Are Vehicle Safety Systems Worth It?

The National Highway Traffic Safety Administration (NHTSA) states that 37,461 people died in motor vehicle crashes in 2016, and 3,450 people died because of distracted driving in the same year. With the increasing number of safety systems making their way into modern vehicles, are they helping to reduce those numbers? Or are they instead making drivers worse and more dangerous?

distracted highway driving safety systems

In 1908, two psychologists, Robert M. Yerkes and John Dillingham Dodson, developed the Yerkes-Dodson law. The law states that an individual’s performance increases with mental or physiological arousal, but only to a point. With too much arousal, performance begins to dwindle, and with too little arousal, performance can almost be non-existent. This means that even though you’re driving down a clear road in the middle of nowhere, you’re probably just as likely to drive as badly as when you’re lost in a major city’s heavy rush hour traffic.

Where does this play in for drivers? Well, with more and more safety nannies in cars, drivers may stop actually paying attention to the road. They begin relying on these systems more and lose the level of alertness they should have while they’re behind the wheel. But perhaps these systems are working for the better, reducing incidents on the road.

According to recent research, NHTSA says that vehicles of the current model year are the safest on U.S. roads. The study evaluated fatal crashes that involved passenger cars, pickup trucks, and SUVs. It found that, compared to new vehicles, a higher proportion of deaths occurred within older vehicles. Fifty-five percent of occupants were fatally injured in vehicles from model year 1984 and older, while 26 percent of occupants suffered fatal injuries in model year 2013–2017 vehicles.

In 2017, a study by the Insurance Institute for Highway Safety (IIHS) on the effectiveness of certain safety systems found that “lane departure warning lowers rates of single-vehicle and head-on crashes of all severities by 11 percent and lowers the rates of injury crashes of the same types by 21 percent.” It also found that blind spot detection lowered the rate of lane change crashes by 14 percent and lane change crashes with injuries by 23 percent.

However, these safety assists have to be activated in order to be effective. Many drivers may be behind the wheel of vehicles with these warning systems, but they might turn them off because of annoyance. The systems beep, flash lights on the instrument panel, vibrate seats and the steering wheel, and hit the brakes automatically. For a driver who is actually paying attention to the road and isn’t busy texting their buddy about drinks later, the safety nannies can become a nuisance. (“There was no need to slam on the brakes as that car drove in front of me, car!”) The technologies kill some of the fun that many drivers enjoy.

For other drivers, the assists are helpful, especially if they consider driving a chore. But as the Yerkes-Dodson law suggests, these drivers can become too complacent behind the wheel when they rely on the technologies too much.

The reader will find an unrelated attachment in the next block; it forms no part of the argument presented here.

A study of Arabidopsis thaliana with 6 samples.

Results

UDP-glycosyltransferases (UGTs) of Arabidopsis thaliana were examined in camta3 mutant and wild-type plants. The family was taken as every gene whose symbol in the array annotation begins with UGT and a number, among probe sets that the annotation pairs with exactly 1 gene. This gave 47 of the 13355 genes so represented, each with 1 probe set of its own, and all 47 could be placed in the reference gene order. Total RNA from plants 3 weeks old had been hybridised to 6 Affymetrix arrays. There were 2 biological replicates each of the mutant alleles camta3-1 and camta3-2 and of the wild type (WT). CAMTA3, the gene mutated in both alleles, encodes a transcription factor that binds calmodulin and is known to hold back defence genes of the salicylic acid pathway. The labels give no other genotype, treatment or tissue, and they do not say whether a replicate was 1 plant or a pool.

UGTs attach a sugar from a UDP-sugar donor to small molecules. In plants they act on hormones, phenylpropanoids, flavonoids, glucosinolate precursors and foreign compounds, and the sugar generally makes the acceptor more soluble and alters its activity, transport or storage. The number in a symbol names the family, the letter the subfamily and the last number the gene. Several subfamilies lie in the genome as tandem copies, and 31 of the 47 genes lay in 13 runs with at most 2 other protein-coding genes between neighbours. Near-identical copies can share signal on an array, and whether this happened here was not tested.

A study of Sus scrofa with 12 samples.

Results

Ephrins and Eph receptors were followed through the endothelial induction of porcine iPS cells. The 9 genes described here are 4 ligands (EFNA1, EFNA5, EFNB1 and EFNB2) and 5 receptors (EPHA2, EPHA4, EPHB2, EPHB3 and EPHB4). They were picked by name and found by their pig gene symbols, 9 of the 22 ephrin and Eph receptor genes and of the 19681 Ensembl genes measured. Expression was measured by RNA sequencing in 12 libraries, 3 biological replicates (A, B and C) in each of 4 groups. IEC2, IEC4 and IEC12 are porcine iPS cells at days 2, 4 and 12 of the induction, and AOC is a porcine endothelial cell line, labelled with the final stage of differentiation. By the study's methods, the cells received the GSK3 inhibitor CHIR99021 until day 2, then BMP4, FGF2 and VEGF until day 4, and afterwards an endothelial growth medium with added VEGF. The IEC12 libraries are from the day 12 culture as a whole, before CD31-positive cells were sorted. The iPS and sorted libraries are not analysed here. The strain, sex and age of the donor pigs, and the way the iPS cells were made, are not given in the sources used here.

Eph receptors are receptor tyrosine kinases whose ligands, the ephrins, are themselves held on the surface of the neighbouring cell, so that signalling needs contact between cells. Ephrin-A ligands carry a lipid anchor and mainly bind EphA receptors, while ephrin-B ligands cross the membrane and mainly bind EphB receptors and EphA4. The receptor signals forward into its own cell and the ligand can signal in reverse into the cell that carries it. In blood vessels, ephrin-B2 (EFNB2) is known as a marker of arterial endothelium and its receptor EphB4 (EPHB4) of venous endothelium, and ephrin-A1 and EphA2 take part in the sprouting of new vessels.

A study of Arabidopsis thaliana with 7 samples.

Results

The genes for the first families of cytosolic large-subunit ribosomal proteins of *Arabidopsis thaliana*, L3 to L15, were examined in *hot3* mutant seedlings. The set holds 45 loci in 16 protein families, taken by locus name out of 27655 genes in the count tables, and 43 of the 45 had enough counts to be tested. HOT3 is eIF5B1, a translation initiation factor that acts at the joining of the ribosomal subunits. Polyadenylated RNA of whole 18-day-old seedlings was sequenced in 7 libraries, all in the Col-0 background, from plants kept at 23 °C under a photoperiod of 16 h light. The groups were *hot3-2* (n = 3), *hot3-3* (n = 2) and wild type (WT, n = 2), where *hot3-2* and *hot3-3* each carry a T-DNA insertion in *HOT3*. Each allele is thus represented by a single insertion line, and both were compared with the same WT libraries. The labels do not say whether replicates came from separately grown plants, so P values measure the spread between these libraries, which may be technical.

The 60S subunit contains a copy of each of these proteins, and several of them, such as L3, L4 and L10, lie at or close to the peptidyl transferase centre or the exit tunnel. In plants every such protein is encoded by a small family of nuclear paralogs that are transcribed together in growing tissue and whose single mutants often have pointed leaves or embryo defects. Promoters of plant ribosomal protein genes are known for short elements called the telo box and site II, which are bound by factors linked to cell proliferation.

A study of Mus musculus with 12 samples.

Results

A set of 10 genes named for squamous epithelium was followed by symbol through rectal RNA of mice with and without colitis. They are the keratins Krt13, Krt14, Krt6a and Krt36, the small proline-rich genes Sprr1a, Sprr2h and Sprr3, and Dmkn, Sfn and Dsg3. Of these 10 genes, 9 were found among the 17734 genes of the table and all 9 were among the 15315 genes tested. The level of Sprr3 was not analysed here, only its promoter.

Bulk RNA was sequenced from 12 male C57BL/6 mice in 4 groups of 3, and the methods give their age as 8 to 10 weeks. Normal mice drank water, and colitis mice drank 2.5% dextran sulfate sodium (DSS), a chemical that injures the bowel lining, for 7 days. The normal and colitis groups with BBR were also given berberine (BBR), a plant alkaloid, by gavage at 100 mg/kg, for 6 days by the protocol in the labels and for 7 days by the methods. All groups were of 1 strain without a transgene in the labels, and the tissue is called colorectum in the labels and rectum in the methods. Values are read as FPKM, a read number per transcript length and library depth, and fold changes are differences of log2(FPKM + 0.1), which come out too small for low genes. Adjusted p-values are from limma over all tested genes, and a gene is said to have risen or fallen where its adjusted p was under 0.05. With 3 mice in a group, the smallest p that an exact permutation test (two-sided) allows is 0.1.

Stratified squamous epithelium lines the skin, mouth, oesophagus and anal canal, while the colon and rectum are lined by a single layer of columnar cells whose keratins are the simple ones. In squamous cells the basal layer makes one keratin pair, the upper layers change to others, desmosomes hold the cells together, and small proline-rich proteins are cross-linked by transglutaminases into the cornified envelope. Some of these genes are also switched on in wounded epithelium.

But all of these safety systems lead up to what the future is sure to be at some point: autonomous automobiles. We can only hope that they help make the road a safer place.

What are some of the modern safety systems?

Backup camera
Typically projected onto the infotainment screen on your dash, a backup camera provides you with a clear view of everything behind you. Some systems will even display lines that curve as you turn the steering wheel.

Blind spot detection
This system warns you when there’s a vehicle in your blind spot so that you don’t have to turn your head and check for yourself (even though you still should).

Lane departure warning
When you let your vehicle drift over lane markings, this system will alert you.

Lane keeping assist
When you don’t pay attention to that lane departure warning, lane keeping assist will automatically steer your car back into your lane.

Lane centering assist
If you tend to wander back and forth in your lane, this system provides continual steering input to help keep your vehicle centered in between the lines.

Automatic braking
This system applies the brakes for you if it detects that a forward collision is imminent.

Rear automatic braking
When backing up, this system applies the brakes for you if it detects an oncoming vehicle to prevent a rear collision.

Pedestrian automatic emergency braking
If a person is about to walk in front of your vehicle, this system alerts you and applies the brakes.

Rear cross-traffic alert
This system lets you know whenever an oncoming vehicle or object is approaching outside of your backup camera’s view.

Forward collision warning
Even though you should be paying attention what’s in front of you anyway, this system detects and warns you of potential forward collisions.

Adaptive cruise control
After setting a following distance, this system accelerates and decelerates your vehicle. If the car in front of you slows down, your car will, too.

Traffic jam assist
When you’re stuck in heavy traffic, this system will control your speed and brakes to match the flow with traffic. It also centers your vehicle in the lane, even through curves.

Highway pilot
After determining a following distance, this system accelerates and brakes your vehicle and maintains your lane position.

Adaptive lighting
This system momentarily switches your high-beams to low-beams when another vehicle is approaching, then changes them back after it’s passed.